Canadian Biotech Successes
Insulin: Frederick Banting, Charles Best, J.J.R. Macleod and J.B. Collip were the first to obtain insulin in a form consistently effective for treating diabetes mellitus. In 1923, Banting and Macleod receive the Nobel Prize.
Barcodes: Dr. Hebert at the University of Guelph discovered that one gene gives scientists an easy-to-identify label to distinguish an animal from a closely related species.
Stem Cells: James E. Till and Ernest A. McCulloch at the University of Toronto discovered the hemopoietic stem cell. This is the basis for bone marrow transplantation, which is a highly successful clinical story today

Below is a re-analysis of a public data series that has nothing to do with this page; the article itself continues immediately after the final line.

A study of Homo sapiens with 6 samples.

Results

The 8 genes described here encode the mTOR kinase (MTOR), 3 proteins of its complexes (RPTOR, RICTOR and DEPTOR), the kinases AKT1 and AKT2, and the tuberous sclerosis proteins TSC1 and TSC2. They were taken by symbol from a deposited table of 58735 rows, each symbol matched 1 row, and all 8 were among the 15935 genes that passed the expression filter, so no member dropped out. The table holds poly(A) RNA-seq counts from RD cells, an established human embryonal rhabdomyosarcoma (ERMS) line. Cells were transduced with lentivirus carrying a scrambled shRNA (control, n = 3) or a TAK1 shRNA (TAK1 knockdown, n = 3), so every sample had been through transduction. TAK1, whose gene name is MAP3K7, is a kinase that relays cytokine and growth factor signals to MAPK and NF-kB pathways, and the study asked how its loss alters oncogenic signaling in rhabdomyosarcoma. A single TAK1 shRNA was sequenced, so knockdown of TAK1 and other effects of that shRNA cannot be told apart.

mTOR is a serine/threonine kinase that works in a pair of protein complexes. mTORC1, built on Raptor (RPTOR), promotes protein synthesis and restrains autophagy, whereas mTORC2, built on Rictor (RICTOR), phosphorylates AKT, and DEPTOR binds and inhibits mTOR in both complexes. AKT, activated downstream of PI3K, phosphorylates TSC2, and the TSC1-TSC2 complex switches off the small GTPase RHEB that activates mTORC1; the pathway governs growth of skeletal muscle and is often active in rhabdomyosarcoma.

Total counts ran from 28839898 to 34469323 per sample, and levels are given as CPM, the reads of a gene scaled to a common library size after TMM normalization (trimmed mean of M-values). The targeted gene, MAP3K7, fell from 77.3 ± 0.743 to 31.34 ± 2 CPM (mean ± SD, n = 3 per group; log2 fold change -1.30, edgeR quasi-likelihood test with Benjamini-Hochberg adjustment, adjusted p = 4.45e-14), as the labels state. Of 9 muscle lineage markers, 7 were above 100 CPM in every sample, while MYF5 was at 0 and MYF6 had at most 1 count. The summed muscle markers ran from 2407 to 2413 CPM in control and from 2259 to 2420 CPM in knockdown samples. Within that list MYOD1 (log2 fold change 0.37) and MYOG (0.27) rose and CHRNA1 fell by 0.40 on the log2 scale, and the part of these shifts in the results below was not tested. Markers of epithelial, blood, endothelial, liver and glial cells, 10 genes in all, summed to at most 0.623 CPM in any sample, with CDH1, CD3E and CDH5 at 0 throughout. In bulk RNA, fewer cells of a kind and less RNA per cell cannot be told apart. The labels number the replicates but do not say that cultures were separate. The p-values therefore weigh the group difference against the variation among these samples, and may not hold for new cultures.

BioDiesel: Dr. David Boocock at the University of Toronto developed a new process to produce biodiesel from any feedstock, vegetable oils, agricultural seed oils, animal waste greases/oils and recycled cooking oils/grease
Value-add Canola: University of Guelph professor, Ken Kasha developed new varieties of canola.
Heart Pacemaker: A Canadian surgeon developed the pacemaker.
Human Genome Sequencing: Scientists at the Hospital for Sick Children contributed to the Human Genome Project.
AIDS therapeutic: 3TC- key ingredient in the AIDS cocktail was developed by BioChem Pharma, Quebec.
Novel Production Systems: SemBioSys Genetics Inc. developed high value protein a using its proprietary oil body/oleosin technology, enabling commercialization of purified protein products
Vaccines: ID Biomedical in Vancouver developed nasal Proteosome-based vaccines that protect against pneumonic plague caused by lethal aerosol infection with virulent plague bacteria.